Can Discipline be Both Simple and Easy?

I often describe the Discipline Without Stress approach as “simple.” Sometimes teachers question my word choice. After all, it does take continual effort to deal with classroom management and at the same remember to be positive, offer choices, and ask reflective questions.

Realize, though, that “simple” does not automatically mean “easy.” For example, learning how to drive an automobile is SIMPLE, but it only becomes EASY after you have driven for awhile. Likewise, deciding ahead of time not to eat dessert at a banquet may be SIMPLE. But when the plates from the main course are removed and the cheesecake is placed in front of you, your original decision may not be so EASY to implement. The point is that implementing any new approach or procedure in your classroom or life will involve a learning curve. Only after practice does it become easy.

The Discipline Without Stress approach is simple in that there are only four parts to the Teaching Model—not a dozen or so. The third part, The Raise Responsibility System that is used to deal with classroom discipline issues, has only three phases: TEACHING the concepts, ASKING reflective questions, and ELICITING a procedure to redirect impulses.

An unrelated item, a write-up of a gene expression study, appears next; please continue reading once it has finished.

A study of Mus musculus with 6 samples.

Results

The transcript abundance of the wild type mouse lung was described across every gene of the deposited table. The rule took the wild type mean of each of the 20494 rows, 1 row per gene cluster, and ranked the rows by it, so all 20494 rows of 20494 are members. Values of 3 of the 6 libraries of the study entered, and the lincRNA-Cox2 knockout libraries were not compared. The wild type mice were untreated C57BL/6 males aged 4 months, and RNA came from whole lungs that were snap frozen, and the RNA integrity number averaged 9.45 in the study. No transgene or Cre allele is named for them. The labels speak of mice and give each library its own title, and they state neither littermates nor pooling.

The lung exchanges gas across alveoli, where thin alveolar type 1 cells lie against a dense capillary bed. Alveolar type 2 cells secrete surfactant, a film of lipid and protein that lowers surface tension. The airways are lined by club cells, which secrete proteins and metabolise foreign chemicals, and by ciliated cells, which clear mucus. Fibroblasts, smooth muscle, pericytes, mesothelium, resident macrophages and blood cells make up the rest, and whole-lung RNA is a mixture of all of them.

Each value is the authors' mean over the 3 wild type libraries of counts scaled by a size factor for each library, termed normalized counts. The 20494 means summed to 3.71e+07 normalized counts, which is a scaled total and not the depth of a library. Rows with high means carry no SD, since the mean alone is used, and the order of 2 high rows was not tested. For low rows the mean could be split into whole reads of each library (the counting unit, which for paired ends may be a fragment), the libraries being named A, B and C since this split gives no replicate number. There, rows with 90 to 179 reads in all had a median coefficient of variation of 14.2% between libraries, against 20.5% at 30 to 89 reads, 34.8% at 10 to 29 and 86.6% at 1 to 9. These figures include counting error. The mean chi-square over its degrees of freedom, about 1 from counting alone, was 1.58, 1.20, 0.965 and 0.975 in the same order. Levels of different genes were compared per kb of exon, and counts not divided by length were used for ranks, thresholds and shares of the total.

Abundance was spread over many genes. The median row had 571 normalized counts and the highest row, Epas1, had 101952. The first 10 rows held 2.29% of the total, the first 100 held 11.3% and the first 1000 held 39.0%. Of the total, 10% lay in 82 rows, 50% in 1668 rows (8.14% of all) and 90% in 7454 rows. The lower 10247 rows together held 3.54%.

When I present Discipline Without Stress to a school or district, people leave with a four-part Teaching Model. The implementation is up to them. I never say it is easy. I do emphasize that the more they practice the principles and implement the system, the easier it becomes and also the more responsibility they will promote, the more effective they will be, the more improved their relationships will become, and the less stress they will feel. And I point out that they WILL see success from the beginning.

As with anything in life, you don’t practice a set of procedures one time and then expect them to be set in place to run themselves. When dealing with humans—as opposed to machines—constant awareness and practice are necessary. As you practice, new neural connections are made and implementation does become easier and simpler.

People who reflect, evaluate, and are conscious of their practices are engaging in one of life’s greatest joys—striving for improvement and reaping the satisfactions that result.